Tips & Tweets

Tips & Tweets: Advice for Writers, Part 1

Want to make comics? Get tips from Marvel talent manager C.B. Cebulski to help YOU at San Diego Comic-Con and beyond


Alright, writers, your turn... and I'll just rip the band-aid off: Yes, it's true, it's much harder for writers to break into Marvel than it is for artists.

Now there are many reasons for this, the main one being there are so many more of you writers out there. Or at least people who think they're writers. People with no artistic skill, like myself, are pretty aware of the fact and can admit to ourselves we can't draw. But everyone who has ever read a book or comic, or watched a movie or TV show, has had an idea how to make the story the just saw unfold better in their opinion. They feel they can write better ideas that the people who actually did the work that got produced. And, for better or worse, this is even more rampant in comics.

"Wolverine: Dust From Above" art by Francesca Ciregia
So unfortunately, we have to be much more particular in our hiring. Much stricter.

And while we do have a general rule that you do need to be a previously published writer to be considered to pitch to Marvel, I am always happy to give out some general advice to ALL writers so you know what to work towards and what we look for here at Marvel...

Pulled from CB Cebulski' Twitter feed (@CBCebulski) and organized by topic, these tips, tweets and missives may help YOU get into the comic book biz at the San Diego Comic-Con 2010 or beyond!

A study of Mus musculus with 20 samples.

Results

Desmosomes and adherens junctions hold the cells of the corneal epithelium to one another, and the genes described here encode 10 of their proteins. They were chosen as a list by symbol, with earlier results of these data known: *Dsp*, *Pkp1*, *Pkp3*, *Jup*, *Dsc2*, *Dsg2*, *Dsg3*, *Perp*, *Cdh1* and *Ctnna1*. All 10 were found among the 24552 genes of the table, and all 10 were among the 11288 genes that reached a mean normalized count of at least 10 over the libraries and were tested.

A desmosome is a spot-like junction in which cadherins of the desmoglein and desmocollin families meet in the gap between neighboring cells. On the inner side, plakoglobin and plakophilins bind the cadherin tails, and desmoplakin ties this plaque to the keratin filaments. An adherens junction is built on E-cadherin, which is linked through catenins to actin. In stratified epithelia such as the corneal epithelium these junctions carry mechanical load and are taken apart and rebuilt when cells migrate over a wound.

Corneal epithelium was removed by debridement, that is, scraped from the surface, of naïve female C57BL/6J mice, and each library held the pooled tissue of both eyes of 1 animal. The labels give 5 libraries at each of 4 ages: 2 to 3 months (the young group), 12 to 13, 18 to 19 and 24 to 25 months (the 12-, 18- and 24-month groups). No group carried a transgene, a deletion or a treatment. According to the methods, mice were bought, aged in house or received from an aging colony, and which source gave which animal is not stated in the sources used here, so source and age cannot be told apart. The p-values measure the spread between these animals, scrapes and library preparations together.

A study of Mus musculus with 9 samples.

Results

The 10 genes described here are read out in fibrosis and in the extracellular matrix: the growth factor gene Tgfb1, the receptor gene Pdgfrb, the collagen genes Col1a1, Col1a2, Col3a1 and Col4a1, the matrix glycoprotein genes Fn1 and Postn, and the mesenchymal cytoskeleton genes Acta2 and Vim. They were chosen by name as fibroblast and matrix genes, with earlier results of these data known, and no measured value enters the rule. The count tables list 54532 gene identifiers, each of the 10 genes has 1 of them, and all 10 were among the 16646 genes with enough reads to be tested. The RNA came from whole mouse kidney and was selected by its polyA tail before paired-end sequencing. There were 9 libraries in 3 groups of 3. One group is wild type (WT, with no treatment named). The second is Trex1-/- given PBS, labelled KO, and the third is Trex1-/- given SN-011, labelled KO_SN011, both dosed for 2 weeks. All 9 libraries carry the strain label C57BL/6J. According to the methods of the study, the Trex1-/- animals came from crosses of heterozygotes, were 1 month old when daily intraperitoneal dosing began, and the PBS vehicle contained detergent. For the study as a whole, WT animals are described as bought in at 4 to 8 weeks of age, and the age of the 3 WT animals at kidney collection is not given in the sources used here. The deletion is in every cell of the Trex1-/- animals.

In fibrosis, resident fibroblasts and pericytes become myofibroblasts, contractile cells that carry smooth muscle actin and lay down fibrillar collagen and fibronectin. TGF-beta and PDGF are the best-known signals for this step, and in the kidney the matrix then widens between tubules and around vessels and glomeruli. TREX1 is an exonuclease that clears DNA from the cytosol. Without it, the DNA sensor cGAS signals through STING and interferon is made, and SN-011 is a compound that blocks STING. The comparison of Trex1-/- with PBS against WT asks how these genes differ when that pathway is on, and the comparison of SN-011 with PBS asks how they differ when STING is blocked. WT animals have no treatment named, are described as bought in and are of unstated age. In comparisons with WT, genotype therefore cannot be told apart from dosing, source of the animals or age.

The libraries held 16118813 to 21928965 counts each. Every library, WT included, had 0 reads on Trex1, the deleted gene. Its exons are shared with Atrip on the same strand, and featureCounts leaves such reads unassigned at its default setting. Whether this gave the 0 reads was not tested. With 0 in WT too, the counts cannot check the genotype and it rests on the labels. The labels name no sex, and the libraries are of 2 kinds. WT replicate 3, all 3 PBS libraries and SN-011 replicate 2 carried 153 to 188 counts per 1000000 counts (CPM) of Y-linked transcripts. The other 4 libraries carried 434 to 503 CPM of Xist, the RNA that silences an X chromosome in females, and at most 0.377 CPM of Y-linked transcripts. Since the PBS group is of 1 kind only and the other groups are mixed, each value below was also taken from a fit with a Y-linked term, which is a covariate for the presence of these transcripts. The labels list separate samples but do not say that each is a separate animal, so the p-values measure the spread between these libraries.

Special thanks to Marvelous intern Zack Rosenberg (@Comicnerd1988) for compiling and organizing the tweets & tips! And all art featured in this article is from an upcoming story by a new writer! "Wolverine: Dust From Above" is by Joao Lemos, "Invisible Woman: Invisirella" is by Dame Darcy and "Shanna the She-Devil is from Mary HK Choi!

"Invisible Woman: Invisirella" black and white art by Robin Ha
Today's Tips: Advice for Writers, part 1

New writers, sending pitch ideas of any kind to editors cold is a definite mistake.

If you want to write for Marvel, get published elsewhere first. Marvel editors only review previously published work to judge your chops.

All writers need to snail mail the editors directly.

Yes, self-published work, mini-comics, webcomics, editorial cartoons, newspaper strips, novels... all count as published work for writers.

Yes, Marvel accepts PUBLISHED WORK ONLY from new writers. No pitches. No submissions. No original ideas. Nothing Marvel related.

The Marvel editors will read it & if they're impressed by what they see, they'll contact you to pitch them. That's how it works these days.

Again, for new writers, you have to mail copies of your published work in to the Marvel editors you would like to work with for review.

Self-publishing, mini-comics, anthologies, web comics... they all "count", yes.

Come back to Marvel.com tomorrow for part 2!